Without sounding defeatist all I have heard is bad things so far; the sector is over concentrated with more people obtaining phd's (and wanting to work in academia) than there are jobs available.

I am really enthusiastic about pursuing a phd and eventually a job in academia but to put it bluntly I'm not sure if I'm cut out for it. I will graduate this summer with a 1st in mathematics from a mid-level Russell group university and plan to apply for an MSc in Pure Mathematics (after a gap year). My final graduating grade will be 71% and I'm just unsure how that will hold up in the academia job market. I get the impression that to pursue a job in mathematics academia you have to be really outstanding, getting publications very early on and the such as it is so competitive. I feel like I'm at a crossroads now where I need to commit to the idea or not as I do not want to waste time, effort and (a lot of) money on a lost cause. I know there are so many factors involved and there is no definite answer but some advise would be extremely helpful.

    – Buffy
    Jul 8, 2020 at 19:04
    – user111388
    Jul 8, 2020 at 20:16
    – academic
    Jul 8, 2020 at 21:09
  • @academic Thank you for the info you raise a good point. You mentioned the diverse set of careers open to math PhD's; are you able to expand on this? I have only just started researching and I'm unsure of what kind of industries require PhD level maths.
    – Oliver
    Jul 8, 2020 at 22:50

1 Answer 1


You're right that the job market is academia is very competitive, across all subjects, not just maths. While raw talent is important to be able to succeed (and by "succeed" I mean get a permanent job in academia -- your definition of success might be different), your publication record is generally more important. The quality and volume of publications you write depends on many things: your own hard work, the work of your collaborators, the guidance you get from your supervisor (having a distant or disengaged supervisor can seriously hamper your progress during your PhD unless you're extremely good at self-motivating and learning), the tractability of the problem you're working on, etc etc.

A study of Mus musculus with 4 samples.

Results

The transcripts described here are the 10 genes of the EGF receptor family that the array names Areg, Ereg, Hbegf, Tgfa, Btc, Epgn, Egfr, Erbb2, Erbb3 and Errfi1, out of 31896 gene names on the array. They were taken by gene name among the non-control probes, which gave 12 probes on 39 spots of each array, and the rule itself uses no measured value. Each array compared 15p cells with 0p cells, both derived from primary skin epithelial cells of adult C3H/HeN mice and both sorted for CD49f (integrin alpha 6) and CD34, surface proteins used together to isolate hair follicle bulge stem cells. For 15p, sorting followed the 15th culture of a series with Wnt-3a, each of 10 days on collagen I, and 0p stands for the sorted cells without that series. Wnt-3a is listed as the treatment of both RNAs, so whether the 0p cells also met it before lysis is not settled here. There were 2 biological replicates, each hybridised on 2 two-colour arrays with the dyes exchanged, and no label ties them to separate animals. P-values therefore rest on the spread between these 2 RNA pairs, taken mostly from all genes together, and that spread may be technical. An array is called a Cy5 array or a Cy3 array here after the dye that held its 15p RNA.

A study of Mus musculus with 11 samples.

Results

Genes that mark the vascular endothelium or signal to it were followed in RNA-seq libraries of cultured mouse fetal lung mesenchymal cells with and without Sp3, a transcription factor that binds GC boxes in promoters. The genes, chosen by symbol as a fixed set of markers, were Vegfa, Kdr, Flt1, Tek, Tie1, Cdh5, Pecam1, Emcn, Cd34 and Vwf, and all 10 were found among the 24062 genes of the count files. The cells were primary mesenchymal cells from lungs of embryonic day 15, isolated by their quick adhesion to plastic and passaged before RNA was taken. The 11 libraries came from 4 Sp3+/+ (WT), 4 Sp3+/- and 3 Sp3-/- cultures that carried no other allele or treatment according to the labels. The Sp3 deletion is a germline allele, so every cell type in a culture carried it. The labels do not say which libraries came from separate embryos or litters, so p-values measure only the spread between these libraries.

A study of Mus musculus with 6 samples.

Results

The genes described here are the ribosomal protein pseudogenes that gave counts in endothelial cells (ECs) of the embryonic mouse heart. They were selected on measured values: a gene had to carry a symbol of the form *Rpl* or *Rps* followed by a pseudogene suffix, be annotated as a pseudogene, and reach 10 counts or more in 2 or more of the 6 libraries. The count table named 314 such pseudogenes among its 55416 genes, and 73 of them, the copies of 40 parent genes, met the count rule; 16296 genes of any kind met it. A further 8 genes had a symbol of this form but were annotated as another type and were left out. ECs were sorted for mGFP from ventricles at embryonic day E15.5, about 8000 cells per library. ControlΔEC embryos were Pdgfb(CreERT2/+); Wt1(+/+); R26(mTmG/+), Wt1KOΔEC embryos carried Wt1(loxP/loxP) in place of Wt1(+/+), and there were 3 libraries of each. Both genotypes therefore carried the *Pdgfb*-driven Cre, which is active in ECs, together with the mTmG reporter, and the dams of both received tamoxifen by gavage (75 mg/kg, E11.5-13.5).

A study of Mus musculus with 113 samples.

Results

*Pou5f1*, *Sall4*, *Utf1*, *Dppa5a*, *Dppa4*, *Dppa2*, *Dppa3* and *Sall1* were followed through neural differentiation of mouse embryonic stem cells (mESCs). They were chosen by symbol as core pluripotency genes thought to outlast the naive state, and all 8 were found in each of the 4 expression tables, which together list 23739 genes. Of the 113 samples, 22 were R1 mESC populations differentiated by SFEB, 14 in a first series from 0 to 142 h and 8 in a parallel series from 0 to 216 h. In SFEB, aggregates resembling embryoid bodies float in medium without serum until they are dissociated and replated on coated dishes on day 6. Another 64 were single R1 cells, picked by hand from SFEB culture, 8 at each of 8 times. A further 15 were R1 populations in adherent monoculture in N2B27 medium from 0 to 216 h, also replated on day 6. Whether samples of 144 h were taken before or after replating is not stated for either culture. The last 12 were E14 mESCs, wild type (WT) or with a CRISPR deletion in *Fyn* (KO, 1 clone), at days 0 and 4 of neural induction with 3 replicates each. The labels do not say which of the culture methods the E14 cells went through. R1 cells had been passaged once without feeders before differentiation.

All this to say that, once you start your PhD, the classification of your undergraduate degree doesn't matter. Working on interesting publishable problems with a wide range of people (ideally collaborate with academics outside your own university if you can) will give you the best chance at success. It's also important to advertise your work as much as possible, and don't be afraid to relentlessly self-promote; go to conferences, talk about your work to everyone you meet, convince them that your problem is interesting and your solutions even more so.

I think you have nothing to lose by doing an MSc (apart from a year's potential earnings). Try to choose a course with a research or dissertation component. This will give you a chance to explore what doing research is really like, and will help you decide if doing a PhD is right for you. Your Master's supervisor or tutor would also be able to advise you about that, especially if you tell them early on that's what you're interested in.